Michael Ratner, who died of cancer on May 11 at the age of 72, spent as much time as he could on Watson Hollow Road in West Shokan.
Born and raised in Cleveland, Ratner came East to earn his B.A. in Medieval English from Brandeis, where he studied with Herbert Marcuse and became friends with Angela Davis. He earned his law degree from Columbia Law School, where he participated in the 1968 protests, and then spent a year clerking for America’s first black female federal judge, Constance Baker Motley. He worked on and off for a number of key NAACP cases up and down the East Coast.
In 1971, Ratner joined the Center for Constitutional Rights, co-founded in 1966 by the famed leftist lawyer William Kunstler, who would later marry Ratner’s first wife, Margaret and introduce him to the Catskills.
Starting off as CCR’s first staff attorney, he eventually became the center’s legal director from 1984 to 1990 and its president from 2002 to 2014. He was also president of the National Lawyers Guild and of the European Center for Constitutional and Human Rights, and founded Palestine Legal, which defends protesters on behalf of Palestinian rights. He was also a founding member of the Guantanamo Bay Bar Association, which eventually grew to 500 attorneys who take detainees’ cases pro bono.
Ratner’s first big case at the Center was representing prisoners at Attica Correctional Facility, who sued the prison and state after they were injured in a deadly riot (the case was not successful). In 1982, he filed suit against President Ronald Reagan for U.S. involvement in Nicaragua, then later sued President George H.W. Bush for invading Iraq during the first Gulf War and President Bill Clinton for detaining HIV-positive Haitians at Guantanamo. Over the years, Ratner worked for the normalization of relations with Cuba and for the end of American support to the military dictatorships in Chile and Argentina. served as counsel to Haiti’s first democratically-elected behalf of Guantanamo prisoners’ habeas corpus rights to trials against the administration of George W. Bush, fought New York City’s “stop and frisk” policing policies, and represented Julian Assange of Wikileaks fame.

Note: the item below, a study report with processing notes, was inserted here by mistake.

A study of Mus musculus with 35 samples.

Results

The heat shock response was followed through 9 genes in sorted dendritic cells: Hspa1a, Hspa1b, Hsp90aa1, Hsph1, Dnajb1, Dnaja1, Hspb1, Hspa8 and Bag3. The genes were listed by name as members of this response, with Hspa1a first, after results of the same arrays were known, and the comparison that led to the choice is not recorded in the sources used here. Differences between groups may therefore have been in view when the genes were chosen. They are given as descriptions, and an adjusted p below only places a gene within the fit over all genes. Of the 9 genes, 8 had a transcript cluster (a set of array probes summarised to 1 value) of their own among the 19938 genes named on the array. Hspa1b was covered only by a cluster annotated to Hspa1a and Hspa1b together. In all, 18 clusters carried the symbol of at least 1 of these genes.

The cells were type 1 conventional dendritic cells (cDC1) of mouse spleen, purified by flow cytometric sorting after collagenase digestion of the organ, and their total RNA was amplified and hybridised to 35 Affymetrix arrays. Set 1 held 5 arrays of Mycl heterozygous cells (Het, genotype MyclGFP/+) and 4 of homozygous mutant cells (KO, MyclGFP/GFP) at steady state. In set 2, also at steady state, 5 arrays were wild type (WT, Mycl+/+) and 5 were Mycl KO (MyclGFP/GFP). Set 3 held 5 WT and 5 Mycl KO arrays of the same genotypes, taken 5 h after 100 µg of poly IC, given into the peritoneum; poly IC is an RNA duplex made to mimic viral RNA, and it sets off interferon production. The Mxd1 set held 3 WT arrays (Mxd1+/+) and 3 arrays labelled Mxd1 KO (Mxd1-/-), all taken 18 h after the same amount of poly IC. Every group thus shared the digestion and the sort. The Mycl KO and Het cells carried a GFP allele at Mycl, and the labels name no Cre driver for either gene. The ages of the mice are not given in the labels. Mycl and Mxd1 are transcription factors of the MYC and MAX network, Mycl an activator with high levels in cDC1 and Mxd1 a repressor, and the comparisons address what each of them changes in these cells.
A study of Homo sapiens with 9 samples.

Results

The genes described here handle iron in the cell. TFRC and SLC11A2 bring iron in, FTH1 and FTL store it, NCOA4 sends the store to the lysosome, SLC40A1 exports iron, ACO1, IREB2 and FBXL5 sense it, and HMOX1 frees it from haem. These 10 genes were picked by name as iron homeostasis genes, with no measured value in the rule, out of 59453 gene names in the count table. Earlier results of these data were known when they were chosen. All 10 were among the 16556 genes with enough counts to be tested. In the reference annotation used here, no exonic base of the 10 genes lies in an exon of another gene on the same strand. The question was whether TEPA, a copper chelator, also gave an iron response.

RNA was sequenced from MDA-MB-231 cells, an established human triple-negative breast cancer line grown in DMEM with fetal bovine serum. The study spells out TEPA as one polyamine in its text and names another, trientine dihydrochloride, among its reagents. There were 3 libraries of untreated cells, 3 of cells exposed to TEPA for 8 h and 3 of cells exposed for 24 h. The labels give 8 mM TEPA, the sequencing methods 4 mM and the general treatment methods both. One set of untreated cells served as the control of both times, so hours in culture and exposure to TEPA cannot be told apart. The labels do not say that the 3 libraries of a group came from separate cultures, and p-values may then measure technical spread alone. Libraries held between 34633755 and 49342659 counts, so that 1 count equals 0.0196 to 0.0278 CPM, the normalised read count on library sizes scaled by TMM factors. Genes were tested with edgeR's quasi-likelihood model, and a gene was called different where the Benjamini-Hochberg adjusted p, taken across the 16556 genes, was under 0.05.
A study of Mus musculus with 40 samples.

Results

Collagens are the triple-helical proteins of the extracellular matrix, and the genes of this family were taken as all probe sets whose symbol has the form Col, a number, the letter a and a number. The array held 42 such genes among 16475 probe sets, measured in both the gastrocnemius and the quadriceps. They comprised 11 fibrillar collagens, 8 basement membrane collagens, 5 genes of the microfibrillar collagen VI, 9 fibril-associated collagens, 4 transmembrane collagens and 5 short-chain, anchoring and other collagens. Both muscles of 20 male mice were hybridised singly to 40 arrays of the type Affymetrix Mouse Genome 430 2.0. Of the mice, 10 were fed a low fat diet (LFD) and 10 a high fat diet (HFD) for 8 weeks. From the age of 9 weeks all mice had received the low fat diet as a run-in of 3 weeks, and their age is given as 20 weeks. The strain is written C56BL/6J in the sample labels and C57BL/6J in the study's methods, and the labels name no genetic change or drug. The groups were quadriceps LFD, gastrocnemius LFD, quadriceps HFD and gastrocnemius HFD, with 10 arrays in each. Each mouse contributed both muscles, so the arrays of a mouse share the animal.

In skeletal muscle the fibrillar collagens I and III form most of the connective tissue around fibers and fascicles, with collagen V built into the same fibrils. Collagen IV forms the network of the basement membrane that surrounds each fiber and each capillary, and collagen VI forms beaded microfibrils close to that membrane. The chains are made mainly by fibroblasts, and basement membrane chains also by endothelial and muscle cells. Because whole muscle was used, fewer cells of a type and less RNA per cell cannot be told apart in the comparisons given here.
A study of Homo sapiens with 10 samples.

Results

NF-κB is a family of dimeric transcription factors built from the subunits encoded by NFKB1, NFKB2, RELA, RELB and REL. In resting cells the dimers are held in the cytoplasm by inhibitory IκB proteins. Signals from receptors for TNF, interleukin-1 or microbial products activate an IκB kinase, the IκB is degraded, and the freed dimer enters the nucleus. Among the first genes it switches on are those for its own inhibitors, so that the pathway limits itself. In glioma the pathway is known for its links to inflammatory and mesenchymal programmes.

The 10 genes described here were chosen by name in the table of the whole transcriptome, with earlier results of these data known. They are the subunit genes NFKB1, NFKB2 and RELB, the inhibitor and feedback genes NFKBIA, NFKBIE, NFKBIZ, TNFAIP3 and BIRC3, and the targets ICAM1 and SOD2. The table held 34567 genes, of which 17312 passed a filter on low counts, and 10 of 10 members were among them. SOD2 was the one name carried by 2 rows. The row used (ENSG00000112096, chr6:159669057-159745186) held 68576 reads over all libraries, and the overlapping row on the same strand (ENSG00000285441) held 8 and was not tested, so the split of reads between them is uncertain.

Michael Ratner had been at the center of some of America and the world’s most wrenching human and constitutional rights fights over his 45 year career, frequently filing suit against the U.S. and other governments, as well as those personally responsible for torture, intimidation, and injustice. Those in his profession spoke of him having no fear of failure or loss, quoting how he once said that the best cases were filed “100 percent on principle,” as he told his colleague David Cole of the reasoning behind the Guantanamo habeas corpus case. “He sued some of the most powerful people in the world on behalf of some of the least,” Cole told the New York Law Journal in an obituary run this past weekend.
Ratner leaves behind his wife, Karen Ranucci, his children Jake and Ana, a brother, Bruce, and a sister, Ellen.
“As all who knew him locally came to know, he loved his family, our towns and region, as well as all the trout in our streams,” said Brian Powers, who published the now defunct Phoenicia Times and Olive Press. “He also loved the burgers at the Boiceville Inn.”